Underlying the link is the impact that rising temperatures have on people’s ability to work, their health and even their ability to think, as well as harm to crops and machinery. Today, the US, Japan and China have average annual temperatures close to the sweet spot of 13C, meaning that further warming will begin to harm their economies.

But Brazil, India, Indonesia and Nigeria are already much warmer, meaning the impact of climate change on their economic growth will be even greater. The UK and Germany are currently cooler than 13C, meaning their economies may improve a little as temperatures rise, before starting to decline.

“We are already experiencing the economic impacts of climate change - heatwaves, for example, are increasing health costs and employee absenteeism, as well as reducing crop yields,” said Thomas Sterner, at the University of Gothenburg in Sweden, who was not involved in the research.

“The conclusion [of the new research] that temperature-associated costs will be higher than previously calculated will cause a stir, and should have stark repercussions for policy. My feeling is that we are only beginning to understand just how much damage a changed climate can wreak.”

 The new analysis, published in the journal Nature on Wednesday, began by examining the economic performance of countries between 1960 and 2010. When a country’s average temperature was above 13C, they found that national economies performed worse in warmer years than in cooler years. Below 13C, the reverse was the case.

“This relationship we have uncovered is almost like a law,” said Solomon Hsiang, at the University of California, Berkeley, a member of the research team. “Over the last 50 years, this relationship between how temperature fluctuates and how economies perform hasn’t changed a bit.”

The researchers checked the results had not been skewed by factors like changes in oil price or the arrival of new technologies and then applied the findings to standard models of future economic development. They found that unrestricted global warming would cut expected incomes in 2100 by between 15% and 75%, many times higher than previous estimates. In the analysis, 77% of nations were worse off than they would be in 2100 if climate change is not tackled.

Furthermore, if projected economic growth is sluggish, nearly half the world’s nations would be poorer in 2100 than they are today. “The effect of climate change is to massively increase global income inequality,” said Hsiang. The analysis shows the poorest 40% of nations would see their expected incomes plummet, while the richest 40% would experience much smaller falls.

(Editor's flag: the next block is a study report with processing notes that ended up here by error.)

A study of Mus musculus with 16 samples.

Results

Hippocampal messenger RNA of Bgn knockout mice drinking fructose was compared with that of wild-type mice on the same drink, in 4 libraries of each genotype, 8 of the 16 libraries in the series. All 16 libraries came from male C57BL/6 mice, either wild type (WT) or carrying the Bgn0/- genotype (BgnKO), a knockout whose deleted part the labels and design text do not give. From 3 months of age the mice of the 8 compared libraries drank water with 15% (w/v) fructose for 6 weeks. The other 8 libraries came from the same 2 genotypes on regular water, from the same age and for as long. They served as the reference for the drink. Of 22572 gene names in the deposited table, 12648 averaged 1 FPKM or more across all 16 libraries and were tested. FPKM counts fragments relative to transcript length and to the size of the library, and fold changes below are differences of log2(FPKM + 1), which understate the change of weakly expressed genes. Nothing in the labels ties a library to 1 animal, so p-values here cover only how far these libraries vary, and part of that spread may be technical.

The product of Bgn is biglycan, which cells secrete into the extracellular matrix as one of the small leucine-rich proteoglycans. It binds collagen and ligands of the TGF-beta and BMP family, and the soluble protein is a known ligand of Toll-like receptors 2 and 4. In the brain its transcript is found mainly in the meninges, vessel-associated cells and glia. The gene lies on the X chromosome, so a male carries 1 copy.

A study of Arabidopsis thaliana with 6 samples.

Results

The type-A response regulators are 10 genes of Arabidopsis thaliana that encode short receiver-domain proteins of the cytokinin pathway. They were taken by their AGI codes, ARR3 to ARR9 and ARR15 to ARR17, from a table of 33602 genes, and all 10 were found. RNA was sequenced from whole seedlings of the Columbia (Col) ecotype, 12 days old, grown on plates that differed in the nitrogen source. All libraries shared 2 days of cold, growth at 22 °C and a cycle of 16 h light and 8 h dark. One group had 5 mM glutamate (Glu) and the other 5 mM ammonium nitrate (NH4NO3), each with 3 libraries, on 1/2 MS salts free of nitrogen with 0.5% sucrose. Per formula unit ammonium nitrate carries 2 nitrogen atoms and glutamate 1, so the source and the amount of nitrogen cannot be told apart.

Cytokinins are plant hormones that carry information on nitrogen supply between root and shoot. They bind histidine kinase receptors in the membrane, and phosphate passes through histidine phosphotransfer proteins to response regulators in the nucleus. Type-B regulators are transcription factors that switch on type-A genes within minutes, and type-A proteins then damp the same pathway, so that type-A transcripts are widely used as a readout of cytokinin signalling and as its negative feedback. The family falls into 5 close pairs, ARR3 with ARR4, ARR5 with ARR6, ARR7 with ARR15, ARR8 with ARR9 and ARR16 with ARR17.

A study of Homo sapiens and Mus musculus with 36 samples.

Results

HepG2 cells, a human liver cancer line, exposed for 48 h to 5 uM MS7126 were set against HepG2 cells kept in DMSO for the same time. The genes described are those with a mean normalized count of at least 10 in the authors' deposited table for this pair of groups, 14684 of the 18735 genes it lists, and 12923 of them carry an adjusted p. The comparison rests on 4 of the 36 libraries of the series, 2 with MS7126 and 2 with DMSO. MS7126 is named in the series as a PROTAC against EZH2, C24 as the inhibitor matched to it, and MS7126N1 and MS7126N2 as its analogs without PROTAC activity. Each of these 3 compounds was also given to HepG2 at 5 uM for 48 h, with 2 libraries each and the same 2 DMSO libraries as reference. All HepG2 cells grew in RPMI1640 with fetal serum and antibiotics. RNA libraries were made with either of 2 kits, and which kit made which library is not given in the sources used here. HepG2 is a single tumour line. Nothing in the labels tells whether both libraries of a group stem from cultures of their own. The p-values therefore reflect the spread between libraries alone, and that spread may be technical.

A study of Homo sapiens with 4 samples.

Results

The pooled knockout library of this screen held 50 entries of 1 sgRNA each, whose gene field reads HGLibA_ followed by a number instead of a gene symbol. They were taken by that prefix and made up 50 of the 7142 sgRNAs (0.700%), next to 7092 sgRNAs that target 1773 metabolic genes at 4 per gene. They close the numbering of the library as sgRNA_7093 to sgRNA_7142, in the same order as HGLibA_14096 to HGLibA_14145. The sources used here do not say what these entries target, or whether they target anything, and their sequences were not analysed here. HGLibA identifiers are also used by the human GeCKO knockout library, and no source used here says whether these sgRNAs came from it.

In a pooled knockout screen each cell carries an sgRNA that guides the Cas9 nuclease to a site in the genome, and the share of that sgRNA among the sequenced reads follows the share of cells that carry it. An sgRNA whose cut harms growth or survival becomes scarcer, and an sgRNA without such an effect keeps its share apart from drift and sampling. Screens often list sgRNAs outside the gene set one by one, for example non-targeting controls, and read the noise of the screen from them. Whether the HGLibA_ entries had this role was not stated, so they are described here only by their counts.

“Very slowly, economies start performing worse and worse [as temperature rises], but over time those little differences add up, so by 2100 there is a huge wedge between where we could be and where we find ourselves,” said Hsiang.

High temperatures are known to harm crop productivity, but they also harm people’s ability to work. “People are known to be very sensitive to temperature,” said Hsiang. “So as a country warms up, millions of people start to experience warmer temperatures and their productivity starts to decline.”

The impact of heat on manual workers is more obvious but Hsiang says it can affect white collar workers too: “There is a lot of interesting work showing that cognitive errors, or other types of mistakes, increase as workers are subjected to higher temperatures. So in places where increasingly we are relying on people to sit and think to be productive, that could be costly.”

Another impact of rising temperatures is on health, with heart and pulmonary diseases rising as well as malaria and dengue fever. Air conditioning can cool people, but is expensive and means that money is not being used elsewhere in the economy, Hsiang said

“When we hear of a few degrees of temperature change, it doesn’t sounds like a lot, but when you look in detail at what will happen on the ground, you are looking at a completely different planet,” said Hsiang.

“So it shouldn’t be too surprising that it is going to reshape the global economy in ways that are going to be quite traumatic. We can then ask whether or not we want to subject future generations to that turmoil and change, or if we want to invest what seems like a relatively small amount of today to avoid that scenario.”

Climate economist Lord Nicholas Stern, at the London School of Economics, said: “This paper recognises that climate change could have impacts that increase very steeply with rising global average temperature. This is an advance on other previous studies [which have] made severe underestimates of the economic effects of unmanaged climate change.”

But he said even the new estimate could be unduly lower, because many possible and severe disruptions suggested by scientific evidence had not been included.